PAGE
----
Influence of Gothic language on Spanish

Discussion in 'Etymology, History of languages and Linguistics (EHL)' started by Roel~, Jun 18, 2013.

  1. Roel~ Member

    Nederlands - Nederland
    The Germanic tribe of the Goths was in Spain around the 5th sanctuary after christ. What I 'm wondering about is if there are still some influences left on the Spanish languages or if the Arabic-speaking people sweeped away all the possible Gothic influences on the Spanish language.
  2. rbrunner Senior Member

    German - Switzerland
    There are a number of given names of Gothic origin that are still in use in Spain (and other countries, of course). I list the ones that I encountered so far on my website here:

    While learning Spanish and looking up the etymologies of words in the RAE dictionary ( I saw some common Spanish words with Gothic roots but I have no idea right now how to search that dictionary specifically for those.
  3. Quiviscumque

    Quiviscumque Moderator

    Ciudad del paraíso
    Just two dozen of words: for example, banda, estaca, frasco, ganar, parra, ropa; and the suffix -engo.

    Notice that many Germanisms in Spanish are common to the other Romance languages, therefore they came via Latin; also a lot of them came later, via Old French/Occitan.

    Don't put the blame on Arabs. Visigoths (few in number) were half latinized when they arrived in Hispania, so Hispanic Latin was never heavily affected by Gothic. On the other hand, Arabic was never spoken in the North, where Castilian, Galician and Catalan were born.
  4. fdb Senior Member

    Cambridge, UK
    French (France)
    I think you are using the word "Gothic" very loosely.
  5. rbrunner Senior Member

    German - Switzerland
    I confess ... when I was building that list a few years back my knowledge about etymology and linguistics was pretty limited. But I think the "general direction" of the list should be ok, right?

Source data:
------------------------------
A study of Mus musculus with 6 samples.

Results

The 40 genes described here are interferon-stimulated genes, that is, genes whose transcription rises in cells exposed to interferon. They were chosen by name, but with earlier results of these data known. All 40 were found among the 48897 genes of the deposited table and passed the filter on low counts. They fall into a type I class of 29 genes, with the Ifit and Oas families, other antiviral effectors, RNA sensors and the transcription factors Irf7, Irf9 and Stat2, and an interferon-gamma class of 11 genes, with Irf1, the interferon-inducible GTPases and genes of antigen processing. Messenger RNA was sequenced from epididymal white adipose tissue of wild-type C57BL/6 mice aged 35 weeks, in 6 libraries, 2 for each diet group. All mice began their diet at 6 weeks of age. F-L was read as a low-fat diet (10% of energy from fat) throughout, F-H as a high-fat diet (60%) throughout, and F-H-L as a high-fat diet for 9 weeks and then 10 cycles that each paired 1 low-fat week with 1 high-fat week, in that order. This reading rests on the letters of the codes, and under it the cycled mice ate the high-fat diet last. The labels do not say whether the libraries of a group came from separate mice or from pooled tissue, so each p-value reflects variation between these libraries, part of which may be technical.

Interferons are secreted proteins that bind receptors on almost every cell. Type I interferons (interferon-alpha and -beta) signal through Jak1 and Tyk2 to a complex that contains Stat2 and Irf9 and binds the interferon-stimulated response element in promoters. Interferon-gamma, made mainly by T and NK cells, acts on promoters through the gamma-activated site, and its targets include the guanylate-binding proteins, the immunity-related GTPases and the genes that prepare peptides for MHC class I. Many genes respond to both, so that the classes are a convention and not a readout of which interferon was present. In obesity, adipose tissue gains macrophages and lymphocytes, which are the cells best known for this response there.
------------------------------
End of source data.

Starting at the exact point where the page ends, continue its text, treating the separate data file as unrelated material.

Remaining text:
6. fdb Senior Member

    Cambridge, UK
    French (France)
    Better if you simply say "Germanic".
  7. germanbz Senior Member

    Benicàssim - Castelló - Spain
    Spanish-Spain/Catalan (Val)
    It's curious as while gothic language have hardly left any traces in Spain, how in the names and surnames the influence is very important.
  8. Roel~ Member

    Nederlands - Nederland
    Which surnames and names in Spain are still of Gothic origin and in what can you say that those names are Germanic and not of Roman origin?
  9. germanbz Senior Member

    Benicàssim - Castelló - Spain
    Spanish-Spain/Catalan (Val)
    Rodriguez - son of Rodrigo = Rodericus = Roderick. Rodriguez is the 4th most common surname in Spain.
    Gutierrez - son of Gutier = Gunthari.
    Fernández - son of Ferdinando/Fernando = Fredenand / Fridnand. Fernández is the second most common surname in Spain.

    There are some more common surnames with germanic roots.
  10. swift

    swift Senior Member

    Spanish – Costa Rica (Valle Central)
    You can look up those terms using Dirae:ót.
  11. rbrunner Senior Member

    German - Switzerland
  12. Jacklynembrey Banned

    new york city
    if any one want to know about that Spanish what is best resources???
  13. ampurdan

    ampurdan Modstachioed modnster

    jiā tàiluó ní yà
    Català & español (Spain)
    Since, as Quiviscumque has said, the Visigoths were very latinized and (unlike the Al-Andalusian Arabs) they eventually stopped using their own language, it's not strange at all. It would have been prestigious even for their Roman subjects to use Gothic names in their Latinized versions, especially when Visigoths finally recanted their Arianism and adopted Catholicism. And also the same may be said about other German tribes that ruled previously in some parts of the Peninsula.
    Last edited: Jul 12, 2013
  14. palomnik Senior Member

    It's quite common for proper names to retain older forms of a language, or terms from languages previously spoken in a given area.